Bill Evans

Bill Evans Dance in Albuquerque

Watching Bill Evans dance reminded me of playing handball with my 80-year-old grandfather.  I would fling myself around the court with youthful exuberance and inexperience while he showed an economy of motion, winning every match with keen observation and wisdom of the game.  It was humbling, juch as witnessing the final performance of the Wild Dancing West Festival in Albuquerque where Bill Evans celebrated his 70th birthday and close to six decades of dance.

The program, “On Turning 70!,” began with an evocative series of preludes for his mother, Lila Snape Evans, who recently passed away at age 97.  The tap dance moved from simple and joyful twirls to slow, somber sweeping gestures upward, as if to receive whatever gifts his mother might still bestow.  Half the show commemorated those he had lost; his father, William Evans, his mentor, Daniel Nagrin, and a dear friend/composer, Michael Cava.  In between pieces, Evans was a storyteller, telling us about the moment he chose to become a modern dancer at age 20 while watching Nagrin dance, how mesmerized he was at how thoughtful, personal, and expressive an adult male could be on stage, or about how his brother had chastised him about wanting to perform at his fathers memorial, telling him “Mormons dont dance at funerals, Billy.”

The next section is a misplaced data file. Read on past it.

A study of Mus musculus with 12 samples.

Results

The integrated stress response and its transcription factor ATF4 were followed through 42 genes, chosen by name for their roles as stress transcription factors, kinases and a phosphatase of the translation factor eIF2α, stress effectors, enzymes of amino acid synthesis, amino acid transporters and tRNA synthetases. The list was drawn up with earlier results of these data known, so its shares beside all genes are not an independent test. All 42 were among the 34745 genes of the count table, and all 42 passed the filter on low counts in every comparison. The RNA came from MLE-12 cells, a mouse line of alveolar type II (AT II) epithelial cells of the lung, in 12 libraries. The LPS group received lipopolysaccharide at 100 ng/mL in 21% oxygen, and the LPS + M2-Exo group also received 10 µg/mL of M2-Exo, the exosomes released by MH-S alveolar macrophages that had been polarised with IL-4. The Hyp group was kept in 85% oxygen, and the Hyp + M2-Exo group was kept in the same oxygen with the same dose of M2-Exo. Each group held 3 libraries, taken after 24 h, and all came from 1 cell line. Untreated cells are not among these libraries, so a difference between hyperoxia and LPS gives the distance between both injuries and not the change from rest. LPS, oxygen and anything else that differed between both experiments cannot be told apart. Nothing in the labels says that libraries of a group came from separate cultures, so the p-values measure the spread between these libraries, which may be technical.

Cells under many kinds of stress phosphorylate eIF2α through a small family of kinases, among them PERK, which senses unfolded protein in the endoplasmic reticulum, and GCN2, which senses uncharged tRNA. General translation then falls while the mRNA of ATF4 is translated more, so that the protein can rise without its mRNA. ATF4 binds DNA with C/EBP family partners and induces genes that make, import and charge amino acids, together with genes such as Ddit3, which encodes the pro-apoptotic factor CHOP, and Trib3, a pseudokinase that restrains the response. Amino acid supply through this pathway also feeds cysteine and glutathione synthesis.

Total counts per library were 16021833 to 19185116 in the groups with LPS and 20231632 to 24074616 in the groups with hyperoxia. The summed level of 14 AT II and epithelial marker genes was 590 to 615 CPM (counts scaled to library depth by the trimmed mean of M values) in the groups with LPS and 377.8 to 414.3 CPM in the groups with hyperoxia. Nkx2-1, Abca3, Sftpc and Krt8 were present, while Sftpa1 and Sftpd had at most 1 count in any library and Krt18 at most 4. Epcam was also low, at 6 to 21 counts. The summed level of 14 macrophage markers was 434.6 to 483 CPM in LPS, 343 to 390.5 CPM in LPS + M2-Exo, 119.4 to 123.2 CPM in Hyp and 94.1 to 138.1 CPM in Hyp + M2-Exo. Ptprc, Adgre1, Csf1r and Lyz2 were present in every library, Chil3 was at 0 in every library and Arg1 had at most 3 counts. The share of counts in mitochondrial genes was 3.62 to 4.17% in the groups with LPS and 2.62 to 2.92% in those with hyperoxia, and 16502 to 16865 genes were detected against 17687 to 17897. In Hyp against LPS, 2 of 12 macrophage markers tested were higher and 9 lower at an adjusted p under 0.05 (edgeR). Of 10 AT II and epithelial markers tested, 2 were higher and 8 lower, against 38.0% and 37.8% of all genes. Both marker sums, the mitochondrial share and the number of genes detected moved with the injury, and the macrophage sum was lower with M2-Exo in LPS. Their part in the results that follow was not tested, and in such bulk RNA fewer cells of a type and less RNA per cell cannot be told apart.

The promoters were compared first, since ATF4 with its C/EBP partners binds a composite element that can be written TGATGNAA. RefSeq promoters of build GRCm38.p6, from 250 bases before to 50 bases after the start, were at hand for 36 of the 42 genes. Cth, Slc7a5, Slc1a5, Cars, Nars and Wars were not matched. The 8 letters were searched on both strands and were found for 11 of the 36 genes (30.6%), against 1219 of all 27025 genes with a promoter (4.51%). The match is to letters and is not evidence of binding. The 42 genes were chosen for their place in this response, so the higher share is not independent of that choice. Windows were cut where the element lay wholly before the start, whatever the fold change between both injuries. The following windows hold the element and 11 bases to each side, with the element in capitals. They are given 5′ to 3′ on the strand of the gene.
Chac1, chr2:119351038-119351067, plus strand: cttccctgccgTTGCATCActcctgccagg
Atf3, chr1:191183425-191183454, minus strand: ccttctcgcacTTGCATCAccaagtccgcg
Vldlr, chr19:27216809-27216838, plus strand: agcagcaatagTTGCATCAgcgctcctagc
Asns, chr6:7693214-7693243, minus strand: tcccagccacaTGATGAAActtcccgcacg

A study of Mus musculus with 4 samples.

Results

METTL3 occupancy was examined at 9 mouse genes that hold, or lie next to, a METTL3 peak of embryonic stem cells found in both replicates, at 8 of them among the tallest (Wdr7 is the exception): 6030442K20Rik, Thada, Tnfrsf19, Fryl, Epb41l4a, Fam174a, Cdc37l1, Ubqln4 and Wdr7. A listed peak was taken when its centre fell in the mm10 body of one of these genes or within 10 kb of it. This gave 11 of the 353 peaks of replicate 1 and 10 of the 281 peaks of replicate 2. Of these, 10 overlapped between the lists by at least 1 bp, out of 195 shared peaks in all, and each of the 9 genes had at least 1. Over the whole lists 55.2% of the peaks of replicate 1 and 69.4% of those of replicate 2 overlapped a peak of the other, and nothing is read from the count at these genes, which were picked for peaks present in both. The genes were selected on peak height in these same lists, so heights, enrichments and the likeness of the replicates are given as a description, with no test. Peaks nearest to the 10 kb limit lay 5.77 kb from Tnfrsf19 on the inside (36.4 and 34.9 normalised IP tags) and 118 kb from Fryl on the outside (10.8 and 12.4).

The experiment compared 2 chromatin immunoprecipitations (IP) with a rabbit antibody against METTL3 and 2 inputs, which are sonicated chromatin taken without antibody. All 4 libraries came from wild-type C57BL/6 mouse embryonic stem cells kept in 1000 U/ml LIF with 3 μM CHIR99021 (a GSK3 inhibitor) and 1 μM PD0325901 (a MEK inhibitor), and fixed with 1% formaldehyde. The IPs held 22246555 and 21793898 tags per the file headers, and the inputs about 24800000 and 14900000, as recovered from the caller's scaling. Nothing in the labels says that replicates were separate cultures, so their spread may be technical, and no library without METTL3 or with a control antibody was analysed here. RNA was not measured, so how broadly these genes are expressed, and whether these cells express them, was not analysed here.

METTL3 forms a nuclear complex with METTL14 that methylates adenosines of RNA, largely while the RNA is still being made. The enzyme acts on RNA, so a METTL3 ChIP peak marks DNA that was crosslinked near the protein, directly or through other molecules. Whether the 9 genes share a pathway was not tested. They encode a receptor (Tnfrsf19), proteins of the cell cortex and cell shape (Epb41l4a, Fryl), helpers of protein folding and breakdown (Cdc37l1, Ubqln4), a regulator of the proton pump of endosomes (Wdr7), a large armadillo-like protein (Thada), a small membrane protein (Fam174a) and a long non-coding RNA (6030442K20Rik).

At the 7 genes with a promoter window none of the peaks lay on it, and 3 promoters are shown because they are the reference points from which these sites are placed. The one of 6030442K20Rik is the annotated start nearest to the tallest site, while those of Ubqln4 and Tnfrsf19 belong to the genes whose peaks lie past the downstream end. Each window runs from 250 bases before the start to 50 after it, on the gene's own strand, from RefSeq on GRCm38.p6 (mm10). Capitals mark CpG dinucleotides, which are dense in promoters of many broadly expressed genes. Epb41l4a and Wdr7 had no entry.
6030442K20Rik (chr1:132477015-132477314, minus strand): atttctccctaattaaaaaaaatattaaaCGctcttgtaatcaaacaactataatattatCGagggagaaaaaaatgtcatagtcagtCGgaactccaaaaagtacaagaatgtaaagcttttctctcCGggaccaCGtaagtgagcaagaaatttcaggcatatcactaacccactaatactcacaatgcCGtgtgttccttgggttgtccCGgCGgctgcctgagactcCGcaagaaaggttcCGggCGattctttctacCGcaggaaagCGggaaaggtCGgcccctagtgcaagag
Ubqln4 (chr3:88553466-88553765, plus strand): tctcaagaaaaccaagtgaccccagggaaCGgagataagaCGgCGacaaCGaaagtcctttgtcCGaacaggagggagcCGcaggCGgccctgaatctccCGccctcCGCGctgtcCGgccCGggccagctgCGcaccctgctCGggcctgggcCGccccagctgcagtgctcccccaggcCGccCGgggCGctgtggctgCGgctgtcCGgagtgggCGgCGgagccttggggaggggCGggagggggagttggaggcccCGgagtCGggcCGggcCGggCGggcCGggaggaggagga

Evans quite lovingly takes you along the emotional continuum, adding levity to the program with Jukebox, a piece choreographed in just four hours in 1974, a fluke, really, to cover time during a costume change in the program. Performed by Evanss longtime dance and life partner, Don Halquist, garbed in dapper tennis whites, performs a bawdy romp to Whats Your Story, Morning Glory?, wherein a tennis racket becomes both the object of the dancers affection as well as an erect signifier of that affection.

And the final piece, In Gloves, danced with Don Halquist, as much a comedy routine as a dance performance, celebrates the nuances and eccentricities of their long term relationships through spoken word and movement.  Their subtle and humorous interaction is both artful and intimate, leaving no divide between the dancers and their dance.  When Bill Evans first begins to dance, its inspiring because we all wish to move with such athleticism and grace at age 70, but the true beauty of the performance comes when you forget his age and become engrossed in the sheer talent and clear passion with which this man has dedicated, quite literally, his entire life.